It’s scheduled every half hour. It looks like one’s on the way but then, for a few minutes, the next 75 disappears from the timetable.

Suddenly, it appears again. Soon, it rolls up to the stop. It was due at 11:53 but has arrived four minutes late, at 11:57.

“It’s never on time,” says Dave O’Byrne, who rides the bus four times a week and is on the 75 today.

O’Byrne is sitting at the back of the bus, his brother facing him. After a few stops, a woman beside him gets off, and his brother takes her seat.

“Sometimes it comes five minutes early, but sure that’s no use,” Dave O’Byrne says.

The 75 bus route – which runs from Dún Laoghaire to Tallaght, through Knocklyon, Foxrock, Dundrum and Ballinteer – continues to be one of the worst-performing buses for punctuality in Dublin, according to Go-Ahead Ireland figures.

In an NTA assessment report from August last year, route 75 was listed in “the 5 worst performing routes in each of the previous 4 periods. The same 5 routes are consistently bottom of the league”.

From the start of 2018 until autumn (P1 to P10 in NTA speak), Dublin Bus operated the route, and its punctuality each period ranged from 47.1 percent to 53.8 percent, according to an NTA report. That’s an average of 50.07 percent.

After Go-Ahead took over operating the route, from late winter through spring (P2 to P6, 2019) its punctuality each period ranged from 49.5 percent to 55 percent, according to an NTA report. That’s an average of 51.74 percent.

That’s a slight improvement, on average, under Go-Ahead – but still well below the 65 percent target.

Punctuality targets set out the aims for the minimum percentage of times that a bus must leave a bus stop on time – which means not more than a minute early, or not more than five minutes and fifty-nine seconds later.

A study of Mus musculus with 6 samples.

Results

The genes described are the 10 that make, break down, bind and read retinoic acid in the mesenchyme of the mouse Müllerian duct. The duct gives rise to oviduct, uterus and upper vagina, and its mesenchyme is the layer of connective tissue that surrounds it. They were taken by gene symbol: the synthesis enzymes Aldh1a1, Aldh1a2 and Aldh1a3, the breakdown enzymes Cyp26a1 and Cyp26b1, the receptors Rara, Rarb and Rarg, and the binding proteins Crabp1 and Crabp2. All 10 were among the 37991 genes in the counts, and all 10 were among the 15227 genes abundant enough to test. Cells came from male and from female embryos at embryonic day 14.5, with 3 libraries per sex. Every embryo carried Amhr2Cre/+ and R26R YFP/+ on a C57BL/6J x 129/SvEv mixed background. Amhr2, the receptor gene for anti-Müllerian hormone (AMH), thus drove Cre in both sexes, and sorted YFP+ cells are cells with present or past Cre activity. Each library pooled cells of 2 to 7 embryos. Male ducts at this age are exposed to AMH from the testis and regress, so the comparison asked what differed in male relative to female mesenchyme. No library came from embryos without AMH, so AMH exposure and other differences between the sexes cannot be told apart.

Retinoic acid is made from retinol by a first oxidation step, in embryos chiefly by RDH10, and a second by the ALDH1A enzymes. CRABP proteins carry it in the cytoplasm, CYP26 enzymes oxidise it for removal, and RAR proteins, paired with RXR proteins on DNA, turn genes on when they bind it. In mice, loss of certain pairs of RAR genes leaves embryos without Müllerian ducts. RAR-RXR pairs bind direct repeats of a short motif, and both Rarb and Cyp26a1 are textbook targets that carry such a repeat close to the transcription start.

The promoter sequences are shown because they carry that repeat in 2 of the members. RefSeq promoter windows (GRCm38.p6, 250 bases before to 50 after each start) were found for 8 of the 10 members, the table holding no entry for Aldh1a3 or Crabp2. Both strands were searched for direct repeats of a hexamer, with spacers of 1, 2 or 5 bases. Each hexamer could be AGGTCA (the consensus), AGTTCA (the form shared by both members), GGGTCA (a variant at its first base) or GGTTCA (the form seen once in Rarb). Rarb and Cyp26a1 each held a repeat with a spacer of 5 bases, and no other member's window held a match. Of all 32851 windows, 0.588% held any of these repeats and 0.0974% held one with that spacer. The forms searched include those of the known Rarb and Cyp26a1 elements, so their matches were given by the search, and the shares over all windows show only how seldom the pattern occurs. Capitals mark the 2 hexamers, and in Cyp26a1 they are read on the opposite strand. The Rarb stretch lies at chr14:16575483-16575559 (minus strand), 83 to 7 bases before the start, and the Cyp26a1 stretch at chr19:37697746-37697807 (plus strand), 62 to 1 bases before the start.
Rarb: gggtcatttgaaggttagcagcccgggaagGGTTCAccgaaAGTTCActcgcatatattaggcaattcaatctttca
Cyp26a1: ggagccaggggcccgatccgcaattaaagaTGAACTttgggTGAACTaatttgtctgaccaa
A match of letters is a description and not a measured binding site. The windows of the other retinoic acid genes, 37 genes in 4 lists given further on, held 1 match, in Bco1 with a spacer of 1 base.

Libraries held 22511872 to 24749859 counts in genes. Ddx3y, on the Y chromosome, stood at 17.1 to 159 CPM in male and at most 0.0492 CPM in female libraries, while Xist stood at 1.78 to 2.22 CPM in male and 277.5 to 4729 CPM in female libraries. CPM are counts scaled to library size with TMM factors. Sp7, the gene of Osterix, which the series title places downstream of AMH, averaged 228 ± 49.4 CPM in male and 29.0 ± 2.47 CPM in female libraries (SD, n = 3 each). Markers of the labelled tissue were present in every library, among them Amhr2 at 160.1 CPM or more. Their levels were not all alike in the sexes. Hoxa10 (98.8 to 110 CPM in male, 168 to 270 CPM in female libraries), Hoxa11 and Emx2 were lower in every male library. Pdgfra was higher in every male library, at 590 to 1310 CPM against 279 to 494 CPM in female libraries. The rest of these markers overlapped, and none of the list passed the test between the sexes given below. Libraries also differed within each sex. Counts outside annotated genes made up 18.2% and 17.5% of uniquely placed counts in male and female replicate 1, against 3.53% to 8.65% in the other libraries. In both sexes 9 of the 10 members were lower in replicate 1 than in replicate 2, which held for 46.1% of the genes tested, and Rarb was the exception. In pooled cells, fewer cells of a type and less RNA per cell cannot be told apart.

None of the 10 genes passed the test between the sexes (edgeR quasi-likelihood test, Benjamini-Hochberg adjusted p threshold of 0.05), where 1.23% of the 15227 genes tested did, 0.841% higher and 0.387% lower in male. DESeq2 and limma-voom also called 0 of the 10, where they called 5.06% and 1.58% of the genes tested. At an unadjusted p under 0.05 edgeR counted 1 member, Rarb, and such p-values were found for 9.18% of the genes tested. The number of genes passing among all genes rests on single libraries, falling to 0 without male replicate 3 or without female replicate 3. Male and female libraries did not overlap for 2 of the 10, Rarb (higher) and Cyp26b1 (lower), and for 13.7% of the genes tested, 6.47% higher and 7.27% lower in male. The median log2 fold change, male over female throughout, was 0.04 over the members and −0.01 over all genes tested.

Since May, Go-Ahead has faced penalties if it failed to run 65 percent or more of its buses on time.

### Why So Low?

Dún-Laoghaire Fine Gael Councillor Kazi Ahmed says he has received complaints since some routes have changed hands.

“The service is not as frequent as it has been before, since Go-Ahead [has] come in,” he says.

The 75 rolls away from Dún Laoghaire and starts to make its way west across Dublin to Tallaght. It’s not immediately clear from this journey why this bus is so often unpunctual.

There are regular stops and starts that buses encounter all over the city. Around the corner from Dún Laoghaire main street, a delivery van is parked in front of the bus stop, holding the 75 bus up for half a minute.

Another time, the bus pauses at an empty stop. Someone on board has accidentally pressed the stop button.

Liam Sinclair, a Green Party councillor in Tallaght, says he thinks the delays are down to how the roads are prioritised.

“The 75 goes through a lot of urban villages. The roads there, as with most of Dublin city, the cars are prioritised,” he said.

The bus gets stuck in congestion in residential areas where cars block up the roads, says Sinclair.

“That makes this particular route unreliable because you never know what traffic is going to be like in that particular area [that the bus route goes through],” he says.

A Go-Ahead Ireland spokesperson said similar. Route 75 “is a cross-city route that encounters a significant amount of localised congestion”, they said, by email.

“In addition, this route also has little bus-priority bus lanes. Both of these factors impact its timings and reliability,” said the spokesperson.

Sinclair, the Green Party councillor, says that not enough funding is being allocated to tackle problems like this in public transport.

“The [Green] Party has been saying for some time now that we need to prioritise public transport spending 2:1 with roads and that would be what we want to look at,” says Sinclair.

The NTA has not yet responded to a query about any discussions they have had with Go-Ahead about the 75 route.

When asked what the company plans to do about the 75 route’s lack of punctuality, a Go-Ahead spokesperson said: “As with all our routes, we are continually monitoring timetables, traffic, punctuality and overall reliability.”

“This information,” the spokesperson said, “along with feedback from customers, is incredibly important, and feeds into any potential changes we may recommend to the NTA relating to timetable changes.”

Donal O’Carroll sits at the back of the bus. He’s retired now and on his way to Clondalkin, wrapped in a scarf and gloves.

“It wasn’t exactly on time but I don’t mind,” O’Carroll says. “It’s better to have the service than not to have it at all.”